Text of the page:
Thursday, December 17, 2009

Acronym in geometry: SCCO for small cubi-cuboctahedron

SCCO stands for small cubi-cuboctahedron (also non-hyphenated: small cubicuboctahedron). The SCCO is one of the 43 polyhedra collectively known as nonconvex uniform polyhedra (n-cUP). The mathematician John Lawrence Hudson illustrated the geometry and stellation of the SCCO in a recent article [1], pointing to the component forms (Platonic polyhedra) that are reflected in its name: six facial planes containing a square lying in the planes of a cube, eight facial planes containing a triangle lying in the planes of an octahedron, and six facial planes containing an octagon lying again in the planes of a cube. The latter cube is smaller than the first and lies therein with its facial planes parallel to corresponding planes of the first cube. The adjective “small” in SCCO distinguishes this solid from the “great” cubi-cuboctahedron.
The SCCO symmetry group: octahedral (also reflected in the name). Since the SCCO has three face types (equilateral triangle, square, and regular octagon), it has three different stellation diagrams.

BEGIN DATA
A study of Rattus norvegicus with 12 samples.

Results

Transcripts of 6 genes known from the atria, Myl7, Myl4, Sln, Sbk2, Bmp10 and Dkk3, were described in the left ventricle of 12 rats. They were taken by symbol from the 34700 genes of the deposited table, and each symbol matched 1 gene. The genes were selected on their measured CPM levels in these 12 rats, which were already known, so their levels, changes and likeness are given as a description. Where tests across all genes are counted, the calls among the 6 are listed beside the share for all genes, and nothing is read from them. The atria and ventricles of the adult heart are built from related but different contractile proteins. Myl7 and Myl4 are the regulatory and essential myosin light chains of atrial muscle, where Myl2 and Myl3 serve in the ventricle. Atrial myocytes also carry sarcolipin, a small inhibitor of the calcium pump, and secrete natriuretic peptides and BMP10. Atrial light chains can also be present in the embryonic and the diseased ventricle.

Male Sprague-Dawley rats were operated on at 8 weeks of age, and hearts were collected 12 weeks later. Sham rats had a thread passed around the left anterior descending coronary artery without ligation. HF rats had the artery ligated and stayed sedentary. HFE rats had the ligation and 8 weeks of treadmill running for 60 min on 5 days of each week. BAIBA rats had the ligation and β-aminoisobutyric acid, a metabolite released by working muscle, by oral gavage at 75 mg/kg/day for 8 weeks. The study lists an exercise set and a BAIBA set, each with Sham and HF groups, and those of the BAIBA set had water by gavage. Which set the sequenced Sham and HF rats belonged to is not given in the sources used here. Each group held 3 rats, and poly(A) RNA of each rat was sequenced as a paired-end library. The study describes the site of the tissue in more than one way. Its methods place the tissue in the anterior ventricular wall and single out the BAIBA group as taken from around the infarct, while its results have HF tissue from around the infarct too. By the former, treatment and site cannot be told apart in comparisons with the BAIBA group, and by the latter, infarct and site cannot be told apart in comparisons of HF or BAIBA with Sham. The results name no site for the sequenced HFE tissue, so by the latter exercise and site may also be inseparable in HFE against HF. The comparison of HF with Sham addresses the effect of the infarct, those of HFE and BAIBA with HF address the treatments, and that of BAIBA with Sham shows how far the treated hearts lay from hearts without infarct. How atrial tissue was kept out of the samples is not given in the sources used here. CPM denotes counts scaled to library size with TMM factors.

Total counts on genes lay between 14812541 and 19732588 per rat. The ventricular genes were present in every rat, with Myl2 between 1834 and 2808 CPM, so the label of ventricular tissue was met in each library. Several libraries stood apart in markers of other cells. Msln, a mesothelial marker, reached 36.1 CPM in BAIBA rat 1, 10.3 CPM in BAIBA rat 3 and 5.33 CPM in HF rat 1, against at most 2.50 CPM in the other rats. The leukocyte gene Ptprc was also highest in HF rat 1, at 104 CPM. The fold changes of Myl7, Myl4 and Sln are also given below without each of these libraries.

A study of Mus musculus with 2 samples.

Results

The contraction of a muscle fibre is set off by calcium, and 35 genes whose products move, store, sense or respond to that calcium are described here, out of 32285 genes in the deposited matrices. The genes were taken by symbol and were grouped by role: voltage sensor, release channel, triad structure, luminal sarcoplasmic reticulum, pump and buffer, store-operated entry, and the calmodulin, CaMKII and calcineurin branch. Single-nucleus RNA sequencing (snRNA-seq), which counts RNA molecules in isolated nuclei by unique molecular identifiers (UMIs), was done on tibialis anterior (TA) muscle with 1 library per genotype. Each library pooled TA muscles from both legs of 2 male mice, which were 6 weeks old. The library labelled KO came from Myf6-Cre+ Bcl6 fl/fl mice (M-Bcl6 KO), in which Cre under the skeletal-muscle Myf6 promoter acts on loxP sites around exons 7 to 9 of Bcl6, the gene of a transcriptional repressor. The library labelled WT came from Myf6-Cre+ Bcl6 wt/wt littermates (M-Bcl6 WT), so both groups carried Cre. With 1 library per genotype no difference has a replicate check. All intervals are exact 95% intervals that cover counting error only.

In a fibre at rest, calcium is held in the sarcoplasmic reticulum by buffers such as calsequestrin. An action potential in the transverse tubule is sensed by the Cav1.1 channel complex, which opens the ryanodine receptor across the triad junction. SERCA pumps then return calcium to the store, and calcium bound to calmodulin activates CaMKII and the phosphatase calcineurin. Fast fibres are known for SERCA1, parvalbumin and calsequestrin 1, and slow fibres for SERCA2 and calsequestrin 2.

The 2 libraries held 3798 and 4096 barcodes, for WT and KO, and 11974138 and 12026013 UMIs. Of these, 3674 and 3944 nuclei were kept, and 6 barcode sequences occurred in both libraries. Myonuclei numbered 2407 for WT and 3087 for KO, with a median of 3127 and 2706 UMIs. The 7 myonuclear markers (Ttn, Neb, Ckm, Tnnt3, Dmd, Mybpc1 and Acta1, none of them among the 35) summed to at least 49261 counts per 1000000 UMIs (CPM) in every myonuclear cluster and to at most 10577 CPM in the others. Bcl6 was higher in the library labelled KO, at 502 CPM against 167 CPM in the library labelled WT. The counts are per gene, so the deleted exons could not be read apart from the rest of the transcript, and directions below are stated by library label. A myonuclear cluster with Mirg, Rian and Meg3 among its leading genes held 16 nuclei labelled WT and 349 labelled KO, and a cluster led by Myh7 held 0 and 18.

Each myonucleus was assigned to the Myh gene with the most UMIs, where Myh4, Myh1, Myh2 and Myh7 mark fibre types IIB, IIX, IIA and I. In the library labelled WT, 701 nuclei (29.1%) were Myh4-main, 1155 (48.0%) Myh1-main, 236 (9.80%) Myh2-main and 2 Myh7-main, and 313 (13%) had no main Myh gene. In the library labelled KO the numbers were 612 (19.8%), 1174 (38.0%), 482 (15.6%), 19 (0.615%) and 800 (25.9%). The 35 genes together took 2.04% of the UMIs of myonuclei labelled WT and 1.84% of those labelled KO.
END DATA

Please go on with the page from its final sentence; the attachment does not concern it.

Keywords: three-dimensional geometry, polytopes, solids, facial planes, 2-D facets

References and illustrations
[1] John Lawrence Hudson: Further Stellations of the Uniform Polyhedra. The Mathematical Intelligencer Fall 2009, Volume 31, No. 4, pp. 18-26.

Tuesday, December 15, 2009

The name dinosaur from the Greek words deinos (terrible) and sauros (lizard)

The name dinosaur (“terrible lizard”) was coined in the years after 1841 by the English biologist and palaeontologist Sir Richard Owen (1804-1892) [1,2]. Karl-Heinz Ludwig includes a small paragraph entitled Wie die Dinos zu ihrem Namen kamen (How the dinos got their name) in his book on climate change through the history of the Earth. Based on this German-language text [2] and information in Christopher McGowan's captivating book about prehistoric reptiles [1], the following summary can be shaped:

The word dinosaur, composed of the Greek words deinos (terrible) and sauros (lizard), first occurred in a publication by Richard Owen in 1842: Report on British fossil reptiles. Part II. Report of the British Association for the Advancement of Science, Plymouth, 11:60-204. By comparing fossil bones of Iguanodon (“iguana tooth”, an ornithopod), Megalosaurus (“big lizard”, a theropod) and Hylaeosaurus (“woodland lizard”, an ankylosaur), which had been discovered by William Buckland and Gideon Mantell in southern England, Owen recognized that these fossils represented a new group of Mesozoic reptiles. The classification of dinosaurs is not completed and the discovery of new dinosaur fossils and/or novel species can be expected to make news headlines any day.

Keywords: history, palaeontology, comparative anatomy, Mesozoic Era

[1] Christopher McGowan:
Dinosaurs, Spitfires, & Sea Dragons. Harvard University Press, Cambridge, Massachusetts and London England, 1992 (first paperback edition); pages 190 and 343.
[2] Karl-Heinz Ludwig:
Eine kurze Geschichte des KlimasVon der Entstehung der Erde bis heute. Verlag C. H. Beck oHG, München, 2006; page 46.